ALBUQUERQUE, N.M. — In everyday life, people may not realize they’re making judgments or assumptions about individuals’ characters, abilities and potentials based on such things as race, ethnicity or the fact that someone just had a baby.
Oftentimes, those conclusions – both good and bad – are the result of unconscious biases or blind spots that can narrow a person’s vision of others and potentially influence their behavior.
The CEO Action Check Your Blind Spots unconscious bias bus tour challenged UNM students to check “blind spots” for diversity and inclusion during an appearance on the main campus Thursday. The educational experience is designed to help people recognize, acknowledge and minimize any potential blind spots or biases they might have but weren’t aware of previously.
Linh Le, a representative with the tour, said participants use virtual reality and gaming technology to better understand unconscious biases people face daily.
“People learn about their unconscious biases and how it impacts their daily decision-making process,” Le said. “We’ve had some positive feedback about the experience, and what everyone has been learning and experiencing.”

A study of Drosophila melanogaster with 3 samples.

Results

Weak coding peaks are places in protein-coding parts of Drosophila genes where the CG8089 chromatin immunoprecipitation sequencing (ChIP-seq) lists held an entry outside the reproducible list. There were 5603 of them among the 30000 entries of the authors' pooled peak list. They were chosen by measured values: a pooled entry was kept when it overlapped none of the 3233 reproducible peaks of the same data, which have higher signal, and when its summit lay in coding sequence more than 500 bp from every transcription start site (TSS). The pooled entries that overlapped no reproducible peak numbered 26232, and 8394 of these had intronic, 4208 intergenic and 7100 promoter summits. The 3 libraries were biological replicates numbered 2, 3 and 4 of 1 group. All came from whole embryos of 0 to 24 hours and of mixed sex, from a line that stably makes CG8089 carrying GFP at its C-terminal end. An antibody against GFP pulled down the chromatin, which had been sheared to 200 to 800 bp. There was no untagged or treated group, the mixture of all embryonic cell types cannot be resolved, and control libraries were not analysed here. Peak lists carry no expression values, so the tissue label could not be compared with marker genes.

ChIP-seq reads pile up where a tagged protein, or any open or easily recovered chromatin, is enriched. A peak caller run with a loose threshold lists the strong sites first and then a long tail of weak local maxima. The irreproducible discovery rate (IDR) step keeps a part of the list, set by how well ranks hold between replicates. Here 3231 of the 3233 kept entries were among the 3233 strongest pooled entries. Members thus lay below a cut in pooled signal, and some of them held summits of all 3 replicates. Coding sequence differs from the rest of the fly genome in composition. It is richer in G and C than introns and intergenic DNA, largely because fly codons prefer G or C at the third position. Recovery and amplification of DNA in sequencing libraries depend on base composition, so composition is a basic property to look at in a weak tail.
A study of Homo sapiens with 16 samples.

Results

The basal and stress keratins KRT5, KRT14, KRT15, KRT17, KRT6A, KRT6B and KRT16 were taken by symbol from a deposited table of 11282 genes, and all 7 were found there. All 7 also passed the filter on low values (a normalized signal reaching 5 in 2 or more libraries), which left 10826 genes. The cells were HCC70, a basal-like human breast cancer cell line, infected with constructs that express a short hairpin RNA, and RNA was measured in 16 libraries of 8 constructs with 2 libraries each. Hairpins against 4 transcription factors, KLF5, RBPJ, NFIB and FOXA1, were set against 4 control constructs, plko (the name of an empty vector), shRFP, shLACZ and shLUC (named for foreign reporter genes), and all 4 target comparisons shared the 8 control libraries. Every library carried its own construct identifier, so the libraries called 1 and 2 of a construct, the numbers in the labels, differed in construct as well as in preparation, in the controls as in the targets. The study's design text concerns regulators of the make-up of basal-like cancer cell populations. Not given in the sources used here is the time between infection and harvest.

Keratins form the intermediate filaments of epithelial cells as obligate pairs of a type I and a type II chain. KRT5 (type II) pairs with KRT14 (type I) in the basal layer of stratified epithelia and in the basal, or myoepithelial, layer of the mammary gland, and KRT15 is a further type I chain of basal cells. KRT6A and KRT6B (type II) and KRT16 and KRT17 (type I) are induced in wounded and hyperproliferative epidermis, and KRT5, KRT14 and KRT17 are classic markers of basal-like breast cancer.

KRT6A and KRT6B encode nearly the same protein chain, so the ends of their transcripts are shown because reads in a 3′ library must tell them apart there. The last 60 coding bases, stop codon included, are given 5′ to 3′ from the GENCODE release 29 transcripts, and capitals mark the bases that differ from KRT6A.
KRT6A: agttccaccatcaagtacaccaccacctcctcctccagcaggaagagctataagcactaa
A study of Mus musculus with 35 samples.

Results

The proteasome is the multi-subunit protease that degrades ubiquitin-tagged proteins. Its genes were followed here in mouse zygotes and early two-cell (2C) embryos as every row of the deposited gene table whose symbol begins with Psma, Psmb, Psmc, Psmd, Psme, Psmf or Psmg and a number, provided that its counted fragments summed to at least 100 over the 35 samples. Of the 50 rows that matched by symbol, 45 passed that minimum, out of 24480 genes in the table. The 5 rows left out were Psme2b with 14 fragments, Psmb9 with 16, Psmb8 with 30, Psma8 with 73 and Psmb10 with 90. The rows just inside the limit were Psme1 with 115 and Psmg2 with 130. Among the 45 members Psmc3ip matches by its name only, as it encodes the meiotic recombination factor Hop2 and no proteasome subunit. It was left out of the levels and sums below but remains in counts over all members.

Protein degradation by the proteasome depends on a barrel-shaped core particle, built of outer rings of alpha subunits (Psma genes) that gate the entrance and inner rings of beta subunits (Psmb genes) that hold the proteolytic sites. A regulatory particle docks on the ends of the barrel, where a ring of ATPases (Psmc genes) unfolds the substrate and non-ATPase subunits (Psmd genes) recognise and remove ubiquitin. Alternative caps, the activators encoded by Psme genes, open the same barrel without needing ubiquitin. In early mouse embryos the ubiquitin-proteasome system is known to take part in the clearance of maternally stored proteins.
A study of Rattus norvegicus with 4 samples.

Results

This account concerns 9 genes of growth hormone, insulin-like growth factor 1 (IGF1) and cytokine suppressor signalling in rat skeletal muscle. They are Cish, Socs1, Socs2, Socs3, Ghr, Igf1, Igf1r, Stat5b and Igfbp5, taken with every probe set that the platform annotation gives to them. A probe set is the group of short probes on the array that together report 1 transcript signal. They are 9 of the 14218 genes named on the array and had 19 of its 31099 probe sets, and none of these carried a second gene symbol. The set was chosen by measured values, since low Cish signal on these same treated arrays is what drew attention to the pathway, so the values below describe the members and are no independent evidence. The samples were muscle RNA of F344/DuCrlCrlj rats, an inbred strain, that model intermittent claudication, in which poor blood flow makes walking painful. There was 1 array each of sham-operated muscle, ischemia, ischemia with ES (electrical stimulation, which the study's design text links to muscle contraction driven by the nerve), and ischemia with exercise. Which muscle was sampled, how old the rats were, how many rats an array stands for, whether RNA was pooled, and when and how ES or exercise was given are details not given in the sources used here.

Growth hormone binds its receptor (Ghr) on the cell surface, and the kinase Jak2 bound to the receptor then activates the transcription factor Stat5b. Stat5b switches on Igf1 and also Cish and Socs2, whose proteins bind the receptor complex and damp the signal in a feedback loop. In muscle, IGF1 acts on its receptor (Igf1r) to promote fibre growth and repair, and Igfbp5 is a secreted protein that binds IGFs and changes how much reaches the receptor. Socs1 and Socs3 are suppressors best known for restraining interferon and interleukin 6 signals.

The tour is designed to jump-start conversation about how to be more inclusive in workplaces, and allows students, local businesses and community members to join thousands nationwide to take action through the “I Act On” pledge – a personal pledge an individual can take to commit to mitigating any unconscious biases and act on driving more inclusive behaviors in their everyday lives. It’s accessible online at ceoaction.com.
Chance Hoover, a senior from Albuquerque studying organizational communications, was one of the many UNM students who checked their “blind spots” for diversity and inclusion.
“It opens up your mind,” Hoover said. “You sometimes go about your business not knowing about your biases, and overall thought about the world and diversity – sexual orientations and races. It was an eye-opening experience.”
Ryan Lindquist, director of UNM’s Student Activity Center, said the university tries to focus on events that promote diversity on campus.
“We’re constantly looking for great events that can bring those learning experiences to our students in different ways,” Lindquist said. “This was a tour that we started looking at last semester to work with our students in those areas. We were lucky to come across this tour. It seems like it has been a great experience for students.”
Thursday’s event is one of many campus events focusing on diversity and inclusion this semester, Lindquist said.
Plans for the bus tour, funded by the CEO Action for Diversity & Inclusion, a CEO-driven business effort to advance diversity and inclusion within the workplace, include 100 stops across the country through 2019.